A new study found that parents on average get over 8 hours of sleep and LOL no
Any parent, mother or father, who saw this study would laugh out loud, and then cry, and then laugh some more.
Conducted by a mattress company (that’s red flag number one — studies should be published in journals or presented at conferences or both), it found that moms and dads get differing amounts of sleep depending on their circumstances, such as number of children, age of children, income, and employment. But generally, it found that everyone, from moms working multiple jobs to dads with five kids, are clocking over 8 hours of sleep a night, with many getting nine or ten.
To that we say: on what planet?
To that we say: excuse me?
To that we say: bullshit. There is no way your average mom with five children is snoozing for nine hours a night, or that parents holding down multiple jobs are still pulling in 8.1 hours each night.
So, we looked at the fine print that goes along with the data, and some other studies to make sure we weren’t going mad.
First of all, the study emphasizes that the data is taken from the American Time Use Survey (ATUS), a nationally representative study of individuals’ schedules that is released each year. But this isn’t a super-specific study when it comes to sleep. They admit that they’re just tracking “sleeping activities,” which includes but is not limited to “falling asleep, dozing off, napping, getting up, waking up, dreaming, catnapping, getting some shut-eye, and dozing.” It also includes “insomnia, tossing and turning, lying awake, and counting sheep.”
Oooohhhh. Well, that makes much more sense. That means it also includes stuff like, getting up to nurse/feed your child, nursing your child in bed, sleeping with a toddler who kicks you a lot, worrying about bills, being in bed and playing Candy Crush with the light off, falling asleep for five minutes while your kids watch PJ Masks, falling asleep while your children jump up and down on you, laying awake worrying that your teen is trying pot at a sleepover, falling asleep while trying to watch Fleabag for ten minutes after bedtime, and waking up to change peed on/pooped on/vomited on bed sheets.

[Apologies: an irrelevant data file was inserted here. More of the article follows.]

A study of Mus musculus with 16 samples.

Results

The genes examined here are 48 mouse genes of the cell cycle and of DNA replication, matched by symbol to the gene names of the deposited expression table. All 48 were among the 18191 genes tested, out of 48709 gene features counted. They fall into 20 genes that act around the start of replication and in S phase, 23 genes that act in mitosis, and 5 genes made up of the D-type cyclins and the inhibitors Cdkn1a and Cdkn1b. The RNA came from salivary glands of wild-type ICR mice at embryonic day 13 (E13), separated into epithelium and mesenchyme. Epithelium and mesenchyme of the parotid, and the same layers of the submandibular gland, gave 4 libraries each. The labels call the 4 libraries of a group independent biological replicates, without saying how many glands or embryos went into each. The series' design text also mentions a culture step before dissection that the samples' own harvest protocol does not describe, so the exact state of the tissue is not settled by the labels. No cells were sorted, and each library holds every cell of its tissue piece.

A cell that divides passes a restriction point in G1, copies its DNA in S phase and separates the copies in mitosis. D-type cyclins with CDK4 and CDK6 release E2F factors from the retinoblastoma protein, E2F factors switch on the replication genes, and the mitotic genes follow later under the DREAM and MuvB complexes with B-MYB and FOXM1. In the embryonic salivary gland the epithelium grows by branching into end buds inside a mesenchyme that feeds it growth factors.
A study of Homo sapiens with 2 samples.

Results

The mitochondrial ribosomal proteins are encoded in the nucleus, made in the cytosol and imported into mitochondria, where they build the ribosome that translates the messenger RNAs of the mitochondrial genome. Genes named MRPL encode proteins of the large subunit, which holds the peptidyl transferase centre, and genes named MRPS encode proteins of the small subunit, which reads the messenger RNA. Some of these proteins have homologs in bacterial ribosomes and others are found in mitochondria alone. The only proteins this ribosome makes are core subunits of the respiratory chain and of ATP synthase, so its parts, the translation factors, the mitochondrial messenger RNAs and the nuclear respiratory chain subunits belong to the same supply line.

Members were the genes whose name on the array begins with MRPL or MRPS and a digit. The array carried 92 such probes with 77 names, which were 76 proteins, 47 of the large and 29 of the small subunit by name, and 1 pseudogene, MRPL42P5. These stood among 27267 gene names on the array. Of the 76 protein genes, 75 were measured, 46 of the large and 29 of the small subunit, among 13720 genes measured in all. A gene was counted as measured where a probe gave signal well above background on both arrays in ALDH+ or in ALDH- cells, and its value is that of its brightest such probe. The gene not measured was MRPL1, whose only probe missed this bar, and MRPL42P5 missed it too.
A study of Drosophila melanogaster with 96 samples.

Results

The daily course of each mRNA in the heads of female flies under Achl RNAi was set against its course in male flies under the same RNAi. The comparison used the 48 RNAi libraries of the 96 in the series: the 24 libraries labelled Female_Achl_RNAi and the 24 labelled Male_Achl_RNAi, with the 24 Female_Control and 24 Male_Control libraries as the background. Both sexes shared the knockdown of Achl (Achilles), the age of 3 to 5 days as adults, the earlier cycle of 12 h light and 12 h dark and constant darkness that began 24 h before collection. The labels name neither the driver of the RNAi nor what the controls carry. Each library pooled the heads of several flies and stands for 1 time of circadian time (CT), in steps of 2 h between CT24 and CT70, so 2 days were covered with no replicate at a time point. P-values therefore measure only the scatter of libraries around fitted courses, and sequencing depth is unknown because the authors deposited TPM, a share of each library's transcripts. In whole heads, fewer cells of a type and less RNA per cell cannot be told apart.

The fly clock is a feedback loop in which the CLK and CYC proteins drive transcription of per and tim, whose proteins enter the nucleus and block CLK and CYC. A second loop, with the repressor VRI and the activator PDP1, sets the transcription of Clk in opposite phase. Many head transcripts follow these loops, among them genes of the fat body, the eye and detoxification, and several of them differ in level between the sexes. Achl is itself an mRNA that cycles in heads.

So, okay, we see what they’re saying: if you count the time we spend in bed, whether asleep or not, plus the time we spend awake caring for our kids at night after we’ve officially gone to bed, plus the times we accidentally fall asleep during the day because we’re exhausted, then yes, that probably adds up to nine hours. Whew.
To get the real scoop on how long moms and dads rest each day, there are some much better studies out there, conducted by actual researchers and published in real journals. And they all agree that moms and dads aren’t getting the proscribed eight hours a night. Most are woefully sleep deprived.
Like, this one, published in Medical News Today, found that parents lose an average of six months of sleep during their child’s first two years – and that 60 percent are not logging more than 3.25 hours of real snoozing each night for the first 24 months. Now we’re talking.
Another study, published in the scientific journal Sleep, found that parents’ sleep was significantly affected for the first six years of their child’s life, and that at best, the hours hovered between about six and seven, depending on the family’s circumstances and the age of the kids. This study also found that quality of sleep is affected — sleeping for a long stretch in a dark and quiet room is different from sleeping with a baby hanging off your nipple at 4 PM with the television on in the background for your toddler — something that the mattress study doesn’t touch.
So, don’t let this study gaslight you into thinking you are well-rested, or make you wonder if you’re the only one dragging your exhausted husk of a body around all day as you work and care for your kids and home. It’s just not true. Chances are, scientifically, if you have kids, you’re not getting enough sleep.
We should also acknowledge: sleep deprivation in parents is a problem that impacts our mental health, our work, our parenting, and our kids. Realizing it’s a problem, and that we’re not at all well-rested, is the first step toward finding a solution for it.